If you know Diana DeGarmo only from her “American Idol” days, you haven’t been paying attention. In the past five years, she’s jumped head first into theater, working on Broadway, off-Broadway and all across the country.
She’s grown a bit, too. She’s 23 now, has her own place in Nashville where she works as a songwriter and is happy to ride the musical theater train for as long as it will carry her. Ideally, she says, she’d spend half her year doing theater and half writing songs.
DeGarmo’s stage career may have been predestined. As a teenager chasing “Idol” success at a cattle-call audition she sang, “And I’m Telling You I’m Not Going.” A show tune. From Dreamgirls.
DeGarmo’s role in 9 to 5 brings her full circle. She’s back at the Fox Theatre, where she did both Annie and Joseph and the Amazing Technicolor Dreamcoat as a child, and she’s closer to Snellville, where her mom still lives and where her career was launched.
She began getting serious about theater when she was 17 or 18 and had just left her post-“Idol” record label. She wasn’t sure what she wanted to do or who she wanted to be, she says. Then came a call from the American Musical Theatre of San Jose, asking her to audition for Maria in West Side Story. DeGarmo, typically self-effacing, says she had no idea what she was doing. But she got the role and her Actors’ Equity card, an all-important pass that brands her as a professional theater artist. That was in November 2005.
“Once I did that,” she says, “my name got tossed into the musical theater pool.” An ethos of “let’s go with the flow and see what happens” has led to role after role after role.
She did two stints in the Broadway revival of Hair and played gal pal Penny Pingleton in Hairspray. Off–Broadway, she played Sarah, the sexy, blind librarian, in the cult favorite Toxic Avenger. On the road, she performed the title role in Brooklyn: The Musical; played the Narrator in Joseph and the Amazing Technicolor Dreamcoat; and did Dorothy in Oz, the Musical, a contemporary take on The Wizard of Oz. She’s also done revues and workshops and sang at Carnegie Hall in 2007 at a Neil Sedaka tribute.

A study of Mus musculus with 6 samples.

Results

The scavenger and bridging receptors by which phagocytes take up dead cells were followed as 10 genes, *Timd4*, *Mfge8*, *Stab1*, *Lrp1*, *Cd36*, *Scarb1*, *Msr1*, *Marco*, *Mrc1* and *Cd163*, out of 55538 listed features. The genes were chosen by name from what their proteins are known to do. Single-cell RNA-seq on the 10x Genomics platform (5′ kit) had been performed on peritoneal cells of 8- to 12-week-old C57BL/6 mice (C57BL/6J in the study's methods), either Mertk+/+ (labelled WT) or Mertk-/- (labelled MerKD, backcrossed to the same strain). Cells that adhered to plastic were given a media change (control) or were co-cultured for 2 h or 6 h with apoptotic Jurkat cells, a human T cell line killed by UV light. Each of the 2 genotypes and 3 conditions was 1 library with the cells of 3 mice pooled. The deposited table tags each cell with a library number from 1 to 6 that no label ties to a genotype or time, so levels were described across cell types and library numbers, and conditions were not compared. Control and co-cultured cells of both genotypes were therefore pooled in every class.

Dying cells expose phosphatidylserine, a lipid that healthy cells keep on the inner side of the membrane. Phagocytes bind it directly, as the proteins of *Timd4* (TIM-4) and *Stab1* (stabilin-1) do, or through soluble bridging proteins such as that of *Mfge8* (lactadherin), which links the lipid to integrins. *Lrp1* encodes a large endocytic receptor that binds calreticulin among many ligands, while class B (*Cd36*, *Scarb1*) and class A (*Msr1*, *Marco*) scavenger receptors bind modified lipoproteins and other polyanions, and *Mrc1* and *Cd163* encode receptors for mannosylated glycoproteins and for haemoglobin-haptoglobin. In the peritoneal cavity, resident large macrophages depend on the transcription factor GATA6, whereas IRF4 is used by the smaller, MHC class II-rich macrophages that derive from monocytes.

Because DeGarmo has largely been cast as a replacement, critics haven’t often reviewed her work. But Toxic Avenger fans were quick to comment online. “Diana DeGarmo is a comic gem who can also bring down the house with her singing voice,” said one. “The star of the show on all levels is Diana DeGarmo,” said another. “What a revelation she is! I never saw her in Hairspray and now I wish I had. She’s very funny and sings everybody else right off the stage.”
DeGarmo first encountered Doralee Rhodes, her 9 to 5 character, in the 1980 movie. She saw the Broadway production just before it closed in September 2009.
“I waited outside and got all of [the cast’s] autographs,” she recalls with the fervor of a serious fan. “I actually went because I am a huge Dolly Parton fan. Who would have thought that a year later I’d be playing the role she made famous?”
DeGarmo was so excited to get the job that she leaked her casting via Twitter before producers could make an official announcement.
The challenge of playing Doralee, she says, is to avoid making her a caricature. Doralee is, essentially, Dolly Parton, “but you could go too far with that. You have to remember that Doralee has a heart and everything comes from that place. She’s a real person.”
As is DeGarmo. She’s funny, raucous, open, honest, enthusiastic, realistic and optimistic. She’s been talking to potential collaborators about writing a country musical and adds, “I think the challenge is great, and I’m up for it.”
Doralee, she says, may be the first step in blending her writing and performing passions.
Kathy Janich is an Atlanta theater artist and freelance writer. After years in daily newspapers, she’s found a joyous second career as an artistic associate at Atlanta’s Synchronicity Theatre.